Remember Thou Art Dust

Ash Wednesday

“Remember thou art dust, and to dust, you shall return” Genesis 3:19

These are the words spoken as ashes are placed on our foreheads on this day that the season of Lent begins in the Church.  This is a reminder that our time here on this earth is limited, we are mortal, and one day will no longer exist.  These words should call us to the remembrance of what we have done during our lives here on this earth.  What will our legacy be?  If we were to die tomorrow, how would people remember us, or would they?

Historically, fasting was a large part of the Lenten journey.  Christians would benefit fast from meat products; meat was seen as lavish in a world where things were hard to come by.  This gradually was relaxed over time and reduced to only a few days a year if any at all.  However, we tend to fast, or give up things, during this period of the year.  Most of the time it is something of little consequence like giving up chocolate or coffee, although that would be a great sacrifice for me.

However, the Prophet Isaiah gives us a hint of what we actually should be fasting from not only during the Lenten season but all year long:

Is not this the fast that I choose: to loose the bonds of injustice, to undo the thongs of the yoke, to let the oppressed go free, and to break every yoke? Is it not to share your bread with the hungry, and bring the homeless poor into your house; when you see the naked, to cover them, and not to hide yourself from your own kin? Then your light shall break forth like the dawn, and your healing shall spring up quickly; your vindicator shall go before you, the glory of the Lord shall be your rear guard. Then you shall call, and the Lord will answer; you shall cry for help, and he will say, here I am.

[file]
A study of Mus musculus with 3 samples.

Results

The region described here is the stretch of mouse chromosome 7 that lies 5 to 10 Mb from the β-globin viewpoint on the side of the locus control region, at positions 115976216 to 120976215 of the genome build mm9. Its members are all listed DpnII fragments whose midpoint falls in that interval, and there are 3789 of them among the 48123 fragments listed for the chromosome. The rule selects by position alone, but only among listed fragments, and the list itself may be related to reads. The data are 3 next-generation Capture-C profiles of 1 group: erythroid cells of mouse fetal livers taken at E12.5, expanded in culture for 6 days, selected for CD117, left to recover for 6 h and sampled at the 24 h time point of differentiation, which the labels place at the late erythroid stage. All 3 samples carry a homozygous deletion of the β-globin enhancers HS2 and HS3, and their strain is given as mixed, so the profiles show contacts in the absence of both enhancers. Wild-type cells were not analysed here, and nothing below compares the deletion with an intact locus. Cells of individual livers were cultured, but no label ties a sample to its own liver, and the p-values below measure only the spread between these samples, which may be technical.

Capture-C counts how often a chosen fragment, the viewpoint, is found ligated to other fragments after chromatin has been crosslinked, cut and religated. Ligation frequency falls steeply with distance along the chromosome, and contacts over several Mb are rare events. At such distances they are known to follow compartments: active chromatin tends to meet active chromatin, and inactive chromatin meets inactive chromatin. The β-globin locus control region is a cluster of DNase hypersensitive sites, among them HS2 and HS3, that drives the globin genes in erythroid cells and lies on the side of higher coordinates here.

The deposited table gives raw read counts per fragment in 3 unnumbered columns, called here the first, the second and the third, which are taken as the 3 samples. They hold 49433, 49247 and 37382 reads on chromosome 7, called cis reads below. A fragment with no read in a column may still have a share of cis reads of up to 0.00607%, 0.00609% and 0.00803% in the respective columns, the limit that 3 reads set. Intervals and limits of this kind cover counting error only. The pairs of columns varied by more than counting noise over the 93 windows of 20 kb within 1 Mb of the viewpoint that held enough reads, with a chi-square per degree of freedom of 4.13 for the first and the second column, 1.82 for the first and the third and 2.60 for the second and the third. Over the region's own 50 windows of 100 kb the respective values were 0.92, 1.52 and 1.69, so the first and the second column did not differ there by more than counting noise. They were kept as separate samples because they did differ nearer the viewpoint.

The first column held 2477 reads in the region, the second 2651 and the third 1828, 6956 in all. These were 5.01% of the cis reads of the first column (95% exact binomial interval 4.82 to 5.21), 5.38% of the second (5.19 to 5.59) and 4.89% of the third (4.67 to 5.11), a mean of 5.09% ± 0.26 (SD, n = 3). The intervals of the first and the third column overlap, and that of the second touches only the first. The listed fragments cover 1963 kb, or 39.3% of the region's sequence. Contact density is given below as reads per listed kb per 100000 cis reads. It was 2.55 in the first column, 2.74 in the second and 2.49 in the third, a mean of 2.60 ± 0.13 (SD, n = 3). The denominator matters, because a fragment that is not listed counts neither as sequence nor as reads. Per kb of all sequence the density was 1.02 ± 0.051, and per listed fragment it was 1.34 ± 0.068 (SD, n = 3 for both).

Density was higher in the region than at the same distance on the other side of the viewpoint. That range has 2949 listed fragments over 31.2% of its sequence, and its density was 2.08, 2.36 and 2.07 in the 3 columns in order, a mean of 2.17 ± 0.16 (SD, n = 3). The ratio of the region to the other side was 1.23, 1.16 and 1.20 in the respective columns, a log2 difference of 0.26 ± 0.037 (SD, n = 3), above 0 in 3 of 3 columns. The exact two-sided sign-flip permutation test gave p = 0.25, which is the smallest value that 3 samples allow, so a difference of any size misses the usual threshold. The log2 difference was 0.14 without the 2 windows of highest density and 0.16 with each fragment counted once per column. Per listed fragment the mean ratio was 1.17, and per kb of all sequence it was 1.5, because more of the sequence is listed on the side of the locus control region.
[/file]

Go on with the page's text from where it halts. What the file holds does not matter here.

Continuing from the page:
Isaiah is very precise with his words about how we are to live our lives.  It is not to give up something of little consequence, but it is about making a difference in someone else’s life.  Doing something for someone, without looking for a reward, is what we are called to do.

Why should we do this?  Well Isaiah has the answer for that question:

If you remove the yoke from among you, the pointing of the finger, the speaking of evil, if you offer your food to the hungry and satisfy the needs of the afflicted, then your light shall rise in the darkness and your gloom be like the noonday. The Lord will guide you continually, and satisfy your needs in parched places, and make your bones strong; and you shall be like a watered garden, like a spring of water, whose waters never fail. Your ancient ruins shall be rebuilt; you shall raise up the foundations of many generations; you shall be called the repairer of the breach, the restorer of streets to live in.

If we do what Isaiah is suggesting, God will bless us.

As we continue this journey through Lent lets us resolve to do something for another person each day, not matter how small it is.  If we do this God will bless us and we will be remembered as a person of great faith.